Florida State would consider leaving ACC due to revenue distribution


TALLAHASSEE, Fla. — Florida State President Richard McCullough told his board of trustees during a meeting Wednesday that the university would have to “very seriously” consider leaving the ACC unless there is a radical change to the conference’s revenue distribution model.

McCullough addressed the board to give an update on where Florida State stands after a year spent exploring options about what the future holds in the wake of conference realignment and big money television contracts in the Big Ten and SEC. The moves are in line to put ACC schools $30 million behind per year from a TV revenue distribution standpoint.

The ACC recently changed its revenue distribution model to reward success on the field in football and basketball. But Florida State has also pushed for changing the model to reward programs that generate higher television revenue and marketability, areas where FSU believes it has an advantage.

“Our goal would be to continue to stay in the ACC, but staying in the ACC under the current situation is hard for us to figure out how we remain competitive unless there were a major change in the revenue distribution within the conference,” McCullough said. “That has not happened. Those discussions are ongoing at all times.

“FSU helps to drive value and will drive value for any partner, but we have spent a year trying to understand how we might fix the issue. There are no easy fixes to this challenge, but a group of us have spent literally a year. We’ve explored every possible option that you can imagine. The issue at hand is what can we do to allow ourselves to be competitive in football and get what I think is the revenue we deserve?

“This continues to be a very difficult issue. There’s a lot going on in the world of conference realignment. My current assessment of the situation after very deep analysis is I believe FSU will have to at some point consider very seriously leaving the ACC unless there were a radical change to the revenue distribution.”

McCullough echoed those thoughts in a separate interview with ESPN before the meeting began. “I’m not that optimistic that we’ll be able to stay,” he said in that interview.

“At some point, we’re going to have to do something,” McCullough said. “I’m not that optimistic that we’ll be able to stay. I just don’t know that. It could occur, but something radically different is going to have to happen. All options remain on the table.”

The ACC ranks third in revenue behind the Big Ten and SEC, and those projections are not expected to change with a newly expanded Big 12. The conference also has a television contract with ESPN that runs through 2036.

To get out of the league, Florida State would have to pay a $120 million exit fee and go to court to challenge the existing grant of rights, which gives the ACC media rights for its member schools through the length of the contract.

No school has gone to court yet to challenge the grant of rights, which exists in every Power 5 conference. Florida State, along with other schools in the ACC, has studied the contract language in the grant of rights for more a year.

In an interview with ESPN earlier Wednesday, Florida State athletic director Michael Alford said, “We have a great understanding of what opportunities there are in that document. How that document could hold us back, but also what the opportunities are. So this is going to be a discussion. We’ll keep getting legal advice. Our legal team has a good understanding of that document.”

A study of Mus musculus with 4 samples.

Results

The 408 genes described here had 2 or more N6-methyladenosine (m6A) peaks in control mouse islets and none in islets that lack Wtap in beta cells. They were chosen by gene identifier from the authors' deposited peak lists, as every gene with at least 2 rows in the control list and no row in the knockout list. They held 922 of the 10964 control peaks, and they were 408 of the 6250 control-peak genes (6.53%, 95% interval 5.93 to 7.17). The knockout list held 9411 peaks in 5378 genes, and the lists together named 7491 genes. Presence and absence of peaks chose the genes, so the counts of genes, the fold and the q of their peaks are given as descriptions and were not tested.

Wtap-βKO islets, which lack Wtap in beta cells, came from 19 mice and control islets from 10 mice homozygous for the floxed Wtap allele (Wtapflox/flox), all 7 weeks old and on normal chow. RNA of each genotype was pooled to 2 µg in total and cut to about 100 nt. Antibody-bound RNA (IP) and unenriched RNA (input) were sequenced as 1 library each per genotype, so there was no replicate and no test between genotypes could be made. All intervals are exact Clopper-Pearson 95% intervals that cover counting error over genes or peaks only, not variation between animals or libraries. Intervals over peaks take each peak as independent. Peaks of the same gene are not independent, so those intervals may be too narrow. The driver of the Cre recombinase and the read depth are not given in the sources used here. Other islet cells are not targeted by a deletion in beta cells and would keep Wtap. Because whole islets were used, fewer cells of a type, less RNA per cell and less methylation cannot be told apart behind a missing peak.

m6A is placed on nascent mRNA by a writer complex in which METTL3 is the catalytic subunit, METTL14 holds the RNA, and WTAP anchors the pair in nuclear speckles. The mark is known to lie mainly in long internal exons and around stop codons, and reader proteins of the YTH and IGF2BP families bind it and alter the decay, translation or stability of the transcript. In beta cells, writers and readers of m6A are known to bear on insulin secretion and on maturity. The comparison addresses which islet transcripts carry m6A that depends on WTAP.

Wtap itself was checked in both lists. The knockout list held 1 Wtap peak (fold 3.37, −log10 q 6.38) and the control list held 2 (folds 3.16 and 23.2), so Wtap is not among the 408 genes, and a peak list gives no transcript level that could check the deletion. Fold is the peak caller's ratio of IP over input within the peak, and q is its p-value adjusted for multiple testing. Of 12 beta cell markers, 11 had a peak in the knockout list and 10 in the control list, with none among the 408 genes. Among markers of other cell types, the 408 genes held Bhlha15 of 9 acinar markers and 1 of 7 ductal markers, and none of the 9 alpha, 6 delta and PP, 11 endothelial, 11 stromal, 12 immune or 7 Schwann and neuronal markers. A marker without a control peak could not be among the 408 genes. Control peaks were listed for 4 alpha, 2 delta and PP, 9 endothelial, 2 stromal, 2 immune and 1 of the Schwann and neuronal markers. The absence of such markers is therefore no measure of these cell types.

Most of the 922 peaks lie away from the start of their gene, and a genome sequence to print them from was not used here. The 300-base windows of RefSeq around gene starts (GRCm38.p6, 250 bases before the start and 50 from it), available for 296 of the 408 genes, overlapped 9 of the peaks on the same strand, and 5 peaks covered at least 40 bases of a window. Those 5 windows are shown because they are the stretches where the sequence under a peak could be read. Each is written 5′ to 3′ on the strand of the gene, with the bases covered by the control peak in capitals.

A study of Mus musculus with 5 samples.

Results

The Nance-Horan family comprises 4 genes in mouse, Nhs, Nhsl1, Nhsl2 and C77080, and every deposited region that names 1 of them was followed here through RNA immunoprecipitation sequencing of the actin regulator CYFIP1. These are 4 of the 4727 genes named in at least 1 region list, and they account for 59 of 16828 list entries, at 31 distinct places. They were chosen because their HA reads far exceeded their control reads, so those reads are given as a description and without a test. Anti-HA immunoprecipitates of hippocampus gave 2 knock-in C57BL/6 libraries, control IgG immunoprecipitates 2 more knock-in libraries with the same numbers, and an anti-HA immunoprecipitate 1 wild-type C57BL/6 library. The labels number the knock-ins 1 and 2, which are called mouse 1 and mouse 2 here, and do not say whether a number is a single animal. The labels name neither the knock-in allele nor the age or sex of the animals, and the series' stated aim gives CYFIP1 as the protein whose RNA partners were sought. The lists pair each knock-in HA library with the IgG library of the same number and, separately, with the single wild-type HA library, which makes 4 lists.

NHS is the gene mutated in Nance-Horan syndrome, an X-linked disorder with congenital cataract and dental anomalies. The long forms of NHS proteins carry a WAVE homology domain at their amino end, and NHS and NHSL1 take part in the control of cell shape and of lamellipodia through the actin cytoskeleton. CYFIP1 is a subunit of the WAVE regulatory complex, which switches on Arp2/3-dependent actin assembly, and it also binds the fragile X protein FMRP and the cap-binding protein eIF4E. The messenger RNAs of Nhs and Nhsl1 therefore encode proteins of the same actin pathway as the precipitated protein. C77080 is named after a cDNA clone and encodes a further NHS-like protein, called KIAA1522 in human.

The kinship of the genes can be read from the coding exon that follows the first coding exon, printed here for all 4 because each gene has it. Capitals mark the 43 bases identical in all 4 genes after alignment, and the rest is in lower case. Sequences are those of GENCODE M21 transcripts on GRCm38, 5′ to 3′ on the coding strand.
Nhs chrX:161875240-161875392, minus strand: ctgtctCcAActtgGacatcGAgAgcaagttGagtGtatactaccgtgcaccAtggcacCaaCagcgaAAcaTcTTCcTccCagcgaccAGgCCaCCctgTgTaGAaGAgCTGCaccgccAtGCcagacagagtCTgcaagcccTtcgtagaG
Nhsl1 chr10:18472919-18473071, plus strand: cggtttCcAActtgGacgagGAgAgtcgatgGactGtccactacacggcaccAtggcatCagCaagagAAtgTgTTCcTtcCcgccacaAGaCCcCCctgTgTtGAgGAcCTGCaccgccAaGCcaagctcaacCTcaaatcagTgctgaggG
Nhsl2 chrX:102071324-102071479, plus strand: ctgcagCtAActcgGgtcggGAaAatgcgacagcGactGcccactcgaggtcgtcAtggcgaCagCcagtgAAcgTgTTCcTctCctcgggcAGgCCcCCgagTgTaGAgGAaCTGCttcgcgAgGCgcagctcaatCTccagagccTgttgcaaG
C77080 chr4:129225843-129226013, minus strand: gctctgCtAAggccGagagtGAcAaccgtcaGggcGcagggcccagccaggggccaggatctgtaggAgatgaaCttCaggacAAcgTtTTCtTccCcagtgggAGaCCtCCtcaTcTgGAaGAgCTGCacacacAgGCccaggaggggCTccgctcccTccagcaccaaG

When asked for a timeline on when Florida State might act, McCullough told ESPN that falling $30 million behind annually is “not a sustainable position for us. The timing for us to do something radical is not known, but it’s not 2036.”

The ACC declined to comment Wednesday on Florida State. Just last week during the ACC Football Kickoff event, league commissioner Jim Phillips said, “I’m well aware of the narrative and stories surrounding the ACC and our members as well as the frustrations of some of our schools on our financials. But these are not new. The bottom line is our conference is strong and I’m extremely bullish about our future together.”

Much could be riding on the success of the Florida State football team, which won 10 games in 2022 for the first time in six years. The Seminoles last won a national championship in 2013, but because its brand, marketability and ratings remain high within the conference, the school believes it deserves to be paid on par with those in the SEC and Big Ten.

After McCullough made his comments to the board, the trustees agreed that Florida State had to act before the current ACC contract with ESPN expires. But there was no discussion about what the school would have to do to act.

Former Florida State quarterback Drew Weatherford, who serves on the board, said, “Do we want to play games moving forward, or do we want to compete? I’ve thought about this a lot as an ex-player, as now board of trustee member, and the simple fact is the cost of playing at the highest level is outpacing the ACC’s ability to compete on a regular basis.”

Trustee Justin Roth put it this way: “Staying in this conference for the next 13 years and trying to wait for that perfect alignment of the stars is the equivalent of a death by 1,000 cuts and each cut is a $30 million cut over the next 13 years.”

Board chair Peter Collins, who told Warchant.com on Tuesday the grant of rights “will not be the document that keeps us from taking action,” told trustees they would hear again from Alford and McCullough soon on a plan moving forward.

“We’ve got to fight for ourselves,” Collins told the board. “When the gap gets that big, it’s insurmountable.”